Raku: A Traditional Contemporary Art Form

At the opening of “The Cosmos in a Tea Bowl: Transmitting a Secret Art Across Generations of the Raku Family” at The National Museum of Modern Art, in Kyoto, the current head of the Raku family, Kichizaemon XV (b. 1949), explained that the event would be “an unprecedented and once-in-a-lifetime exhibition of such a grand scale” that it would include important works by Raku founder Chojiro (date of birth unknown-1589) and Honami Koetsu (1558-1637), the artist who inspired the founding of the Rimpa school — pieces that are rarely exhibited together in public.

Raku-yaki (Raku ware) mostly comprises tea bowls and utensils for chanoyu (tea ceremony) and was first produced in Kyoto by the Raku family during the 16th century. Chojiro began making unique tea bowls — which were each hand molded — at the request of Sen no Rikyu (1522-1591), the great tea master who advocated wabi-cha, a wabi-style tea ceremony influenced by Zen Buddhist-inspired concept of finding the beauty in simplicity and imperfection.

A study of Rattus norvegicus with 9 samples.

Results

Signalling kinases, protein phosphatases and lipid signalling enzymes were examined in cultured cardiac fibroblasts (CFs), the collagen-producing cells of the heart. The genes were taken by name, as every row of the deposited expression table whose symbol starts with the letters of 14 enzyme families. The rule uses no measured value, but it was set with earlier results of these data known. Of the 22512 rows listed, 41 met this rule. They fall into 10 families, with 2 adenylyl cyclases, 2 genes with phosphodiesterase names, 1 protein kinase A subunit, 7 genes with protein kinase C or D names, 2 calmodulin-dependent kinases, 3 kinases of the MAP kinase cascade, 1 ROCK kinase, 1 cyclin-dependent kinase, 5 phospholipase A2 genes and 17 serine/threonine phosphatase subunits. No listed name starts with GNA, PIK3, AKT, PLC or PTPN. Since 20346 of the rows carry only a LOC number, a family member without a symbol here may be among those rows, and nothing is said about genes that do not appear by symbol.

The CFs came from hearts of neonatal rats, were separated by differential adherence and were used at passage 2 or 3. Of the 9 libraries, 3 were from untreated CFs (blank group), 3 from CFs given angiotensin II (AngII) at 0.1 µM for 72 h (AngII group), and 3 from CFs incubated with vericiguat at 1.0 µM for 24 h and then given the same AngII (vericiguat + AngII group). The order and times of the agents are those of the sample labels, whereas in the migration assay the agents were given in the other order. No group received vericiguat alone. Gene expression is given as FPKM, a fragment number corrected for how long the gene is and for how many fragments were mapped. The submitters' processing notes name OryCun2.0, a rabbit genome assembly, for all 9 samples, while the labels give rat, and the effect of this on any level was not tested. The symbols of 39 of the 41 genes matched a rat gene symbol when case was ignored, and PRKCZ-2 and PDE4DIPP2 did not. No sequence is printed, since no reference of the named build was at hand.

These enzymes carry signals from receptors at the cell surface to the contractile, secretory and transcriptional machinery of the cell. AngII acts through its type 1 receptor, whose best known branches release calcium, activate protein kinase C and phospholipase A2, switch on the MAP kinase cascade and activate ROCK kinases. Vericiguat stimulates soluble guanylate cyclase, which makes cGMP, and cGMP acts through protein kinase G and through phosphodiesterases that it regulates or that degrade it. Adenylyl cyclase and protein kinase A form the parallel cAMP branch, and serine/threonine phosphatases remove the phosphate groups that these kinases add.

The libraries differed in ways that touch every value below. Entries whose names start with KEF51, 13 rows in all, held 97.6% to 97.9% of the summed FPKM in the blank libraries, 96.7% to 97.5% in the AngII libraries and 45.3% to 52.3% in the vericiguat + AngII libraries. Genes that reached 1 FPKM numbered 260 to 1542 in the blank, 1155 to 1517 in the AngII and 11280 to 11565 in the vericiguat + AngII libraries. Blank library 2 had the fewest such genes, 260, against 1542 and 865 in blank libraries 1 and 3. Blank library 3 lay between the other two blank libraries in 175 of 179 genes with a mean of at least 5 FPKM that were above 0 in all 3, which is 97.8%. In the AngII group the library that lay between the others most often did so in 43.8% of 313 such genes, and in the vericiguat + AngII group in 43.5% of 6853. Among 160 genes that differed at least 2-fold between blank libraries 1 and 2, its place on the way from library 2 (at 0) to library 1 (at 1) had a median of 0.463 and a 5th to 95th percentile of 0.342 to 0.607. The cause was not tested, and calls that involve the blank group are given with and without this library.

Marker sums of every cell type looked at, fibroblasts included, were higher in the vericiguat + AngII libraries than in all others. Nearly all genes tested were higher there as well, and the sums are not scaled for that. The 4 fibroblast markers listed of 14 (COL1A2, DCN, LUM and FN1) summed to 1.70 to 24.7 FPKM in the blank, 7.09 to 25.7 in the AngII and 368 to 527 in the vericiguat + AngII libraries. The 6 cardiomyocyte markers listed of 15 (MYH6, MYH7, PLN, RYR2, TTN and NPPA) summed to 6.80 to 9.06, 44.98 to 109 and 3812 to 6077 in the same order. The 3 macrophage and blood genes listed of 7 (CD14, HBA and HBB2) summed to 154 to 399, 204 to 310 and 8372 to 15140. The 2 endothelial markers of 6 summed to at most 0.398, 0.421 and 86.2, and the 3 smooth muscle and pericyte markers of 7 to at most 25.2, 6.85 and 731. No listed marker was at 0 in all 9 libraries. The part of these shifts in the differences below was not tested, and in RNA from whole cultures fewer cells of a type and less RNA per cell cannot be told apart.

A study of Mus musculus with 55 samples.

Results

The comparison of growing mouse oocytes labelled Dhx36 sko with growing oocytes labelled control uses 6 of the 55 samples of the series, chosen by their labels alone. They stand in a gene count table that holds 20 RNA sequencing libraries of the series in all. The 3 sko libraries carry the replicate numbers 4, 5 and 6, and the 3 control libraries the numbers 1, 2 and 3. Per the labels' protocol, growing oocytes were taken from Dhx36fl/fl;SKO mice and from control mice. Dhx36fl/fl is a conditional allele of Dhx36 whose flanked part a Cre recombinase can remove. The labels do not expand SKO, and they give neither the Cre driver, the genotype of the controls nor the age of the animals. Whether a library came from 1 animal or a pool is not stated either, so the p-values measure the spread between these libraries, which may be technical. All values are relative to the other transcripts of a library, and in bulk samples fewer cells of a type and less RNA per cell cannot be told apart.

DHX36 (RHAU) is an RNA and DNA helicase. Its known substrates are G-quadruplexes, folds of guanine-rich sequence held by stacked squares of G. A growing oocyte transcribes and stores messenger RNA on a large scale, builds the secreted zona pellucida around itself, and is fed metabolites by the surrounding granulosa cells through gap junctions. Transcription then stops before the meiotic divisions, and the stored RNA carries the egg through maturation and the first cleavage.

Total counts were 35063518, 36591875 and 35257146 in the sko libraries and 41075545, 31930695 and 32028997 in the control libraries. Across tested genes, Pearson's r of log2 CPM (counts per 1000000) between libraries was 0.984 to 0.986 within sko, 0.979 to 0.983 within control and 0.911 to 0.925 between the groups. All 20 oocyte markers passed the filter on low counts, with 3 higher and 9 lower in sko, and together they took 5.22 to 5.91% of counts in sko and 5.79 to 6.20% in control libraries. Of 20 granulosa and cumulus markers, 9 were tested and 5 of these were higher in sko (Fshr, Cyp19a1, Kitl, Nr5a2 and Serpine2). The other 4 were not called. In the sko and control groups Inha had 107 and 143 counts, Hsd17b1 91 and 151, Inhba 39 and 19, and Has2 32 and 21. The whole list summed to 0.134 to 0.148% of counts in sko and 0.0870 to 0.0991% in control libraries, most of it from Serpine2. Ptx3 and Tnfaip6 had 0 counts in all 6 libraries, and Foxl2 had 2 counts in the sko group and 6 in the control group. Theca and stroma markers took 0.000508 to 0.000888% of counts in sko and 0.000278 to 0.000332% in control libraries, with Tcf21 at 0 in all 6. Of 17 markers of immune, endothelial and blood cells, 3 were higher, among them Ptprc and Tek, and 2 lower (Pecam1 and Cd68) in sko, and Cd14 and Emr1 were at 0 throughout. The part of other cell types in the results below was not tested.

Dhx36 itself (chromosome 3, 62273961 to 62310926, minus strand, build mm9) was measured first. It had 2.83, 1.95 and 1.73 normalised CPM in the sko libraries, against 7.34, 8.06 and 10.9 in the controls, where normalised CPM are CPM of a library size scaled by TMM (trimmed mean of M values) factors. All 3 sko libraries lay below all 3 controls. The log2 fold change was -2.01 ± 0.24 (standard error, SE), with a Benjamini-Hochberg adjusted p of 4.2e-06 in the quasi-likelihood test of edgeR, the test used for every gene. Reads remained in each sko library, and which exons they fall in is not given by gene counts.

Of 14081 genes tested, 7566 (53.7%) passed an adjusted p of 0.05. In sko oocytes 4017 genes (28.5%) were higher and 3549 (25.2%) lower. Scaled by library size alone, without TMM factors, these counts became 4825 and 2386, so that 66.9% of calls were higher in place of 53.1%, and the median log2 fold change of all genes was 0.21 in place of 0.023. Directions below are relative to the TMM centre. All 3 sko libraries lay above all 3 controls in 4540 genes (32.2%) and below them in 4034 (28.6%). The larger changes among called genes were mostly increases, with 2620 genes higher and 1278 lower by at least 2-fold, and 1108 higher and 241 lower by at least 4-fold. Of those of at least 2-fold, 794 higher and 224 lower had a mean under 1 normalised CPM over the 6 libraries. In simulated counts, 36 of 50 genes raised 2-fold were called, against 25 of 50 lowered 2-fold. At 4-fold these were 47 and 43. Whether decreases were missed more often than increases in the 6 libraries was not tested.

Rikyu was then the head of tea masters under the patronage of Toyotomi Hideyoshi (1537-1598), and the tea master’s wabi aesthetic was in stark contrast to that of Hideyoshi, who built the ostentatious Jurakudai, a residence near the Kyoto Imperial Palace, and a portable Golden Tea Room to impress the emperor.

“Raku ware remains as vital as ever today, 450 years after its foundation,” says Matsubara. “The spirit of its tradition lies in each generation’s creative engagement with his own contemporary era. Each generation is an individual artist with his own style — it’s as if the 450 years of Raku history is a single entity of vibrant contemporary art.